Vlad Pasca, Senior Malware & Threat Analyst
Posted on September 6th, 2022

Executive summary

The BlackCat/ALPHV ransomware is a complex threat written in Rust that appeared in November 2021. In this post, we describe a real engagement that we recently handled by giving details about the tools, techniques, and procedures (TTPs) used by this threat actor. Firstly, the attacker targeted an unpatched Microsoft Exchange server and successfully dropped webshells on the machine. After getting initial access, the ransomware installed the MobaXterm software and then started to dump the credentials using Mimikatz or by creating an LSASS dump file with Process Hacker. The SoftPerfect Network scanner was used to perform network discovery. Before running the ransomware executable, the TA compressed the targeted files using WinRAR or 7zip and then exfiltrated them using rclone and MEGAsync.

Our Digital Forensics and Incident Response (DFIR) team was engaged in investigating a ransomware infection. We were able to determine that the ransomware involved is a new version of the BlackCat ransomware, based on the fact that the malware added new command line parameters that were not documented before.

As shown in Figure 1, the ransomware added a parameter called “--safeboot” that is used to reboot in Safe Mode. Whether the malware is running with the “--sleep-restart” parameter, the process sleeps for a specified number of seconds and then restarts the machine.


A complete analysis of the BlackCat ransomware can be found here.

By accessing the onion link specified in the ransom note called “RECOVER-<extension>-FILES.txt”, the victim is presented with multiple tabs that contain information such as the ransom amount in Bitcoin and Monero, the threat actor’s wallets addresses, a live chat, and a trial decrypt that can be used to decrypt a few files for free (see Figure 2).


Initial access

According to our analysis, the entry point in the organization was an Exchange server that was vulnerable to Microsoft Exchange vulnerabilities. Multiple webshells have been identified on the impacted server.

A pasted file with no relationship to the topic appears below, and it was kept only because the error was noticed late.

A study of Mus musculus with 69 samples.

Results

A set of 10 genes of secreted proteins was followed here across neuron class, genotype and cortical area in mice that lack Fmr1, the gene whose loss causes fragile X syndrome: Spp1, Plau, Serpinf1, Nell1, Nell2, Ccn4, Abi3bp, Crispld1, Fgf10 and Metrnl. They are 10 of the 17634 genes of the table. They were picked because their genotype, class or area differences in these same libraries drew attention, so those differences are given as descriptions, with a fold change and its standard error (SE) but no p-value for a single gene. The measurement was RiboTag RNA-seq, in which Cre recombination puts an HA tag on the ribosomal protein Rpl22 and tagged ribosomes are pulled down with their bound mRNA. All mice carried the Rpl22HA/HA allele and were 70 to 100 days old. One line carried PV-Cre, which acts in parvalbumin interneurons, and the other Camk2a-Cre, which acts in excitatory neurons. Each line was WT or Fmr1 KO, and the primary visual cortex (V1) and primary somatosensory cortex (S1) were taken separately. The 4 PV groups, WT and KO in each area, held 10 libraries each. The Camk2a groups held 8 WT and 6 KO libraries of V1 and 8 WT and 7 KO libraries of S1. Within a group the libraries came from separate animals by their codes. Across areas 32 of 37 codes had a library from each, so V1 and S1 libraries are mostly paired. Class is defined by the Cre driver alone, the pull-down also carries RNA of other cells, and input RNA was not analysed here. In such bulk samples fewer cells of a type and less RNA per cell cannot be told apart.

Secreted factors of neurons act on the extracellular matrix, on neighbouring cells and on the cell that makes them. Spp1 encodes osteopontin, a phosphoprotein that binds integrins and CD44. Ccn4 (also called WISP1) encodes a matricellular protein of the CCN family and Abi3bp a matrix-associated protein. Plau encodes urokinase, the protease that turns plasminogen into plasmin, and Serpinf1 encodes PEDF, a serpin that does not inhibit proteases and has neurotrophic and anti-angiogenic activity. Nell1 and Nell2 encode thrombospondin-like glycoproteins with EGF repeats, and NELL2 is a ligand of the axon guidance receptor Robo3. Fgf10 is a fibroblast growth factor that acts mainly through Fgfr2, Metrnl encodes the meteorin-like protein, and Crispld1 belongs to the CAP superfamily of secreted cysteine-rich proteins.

Remote access tools

After gaining access to the internal network, the ransomware installed the legitimate tools MobaXterm and mottynew.exe (MobaXterm terminal).

Lateral Movement

As we already know from the malware analysis of the ransomware, BlackCat steals credentials from the victim’s environment and incorporates them into its configuration (“credentials” field). Mimikatz was utilized to dump the credentials, and then the malware pivots from one machine to another via Remote Desktop Protocol (RDP).

An old version of the SoftPerfect Network scanner was used to perform network scanning in order to discover additional targets in the local network. Figure 3 reveals the interface of the network scanner:


Data exfiltration

Once the threat actor decided which files to exfiltrate, the malware compressed them using WinRAR or 7zip. The ransomware installed a tool called rclone that is utilized to upload data to cloud storage providers. A second tool called MEGAsync is also installed by the process, which can upload data to the MEGA Cloud Storage.

We’ve also observed the ransomware installing tools such as FileZilla and WinSCP that could be used to perform data exfiltration.

Other tools installed

We’ve investigated and found out that the ransomware installed the cURL tool to download additional files. Process Hacker was also installed by the malware and could be used to dump the memory of the LSASS process. In the same directory with Process Hacker, the BlackCat ransomware dropped a copy of the PEView tool, which is a viewer for Portable Executable (PE) files.

Conclusion

BlackCat ransomware remains a serious threat because it targets Windows hosts, Linux hosts, and VMWare ESXi. The access token that the malware is running with makes the automated analysis impossible and increases the difficulty of the dynamic malware analysis. The usage of legitimate tools to perform malicious activities increases the chance of not being detected by endpoint detection and response (EDR) or antivirus software.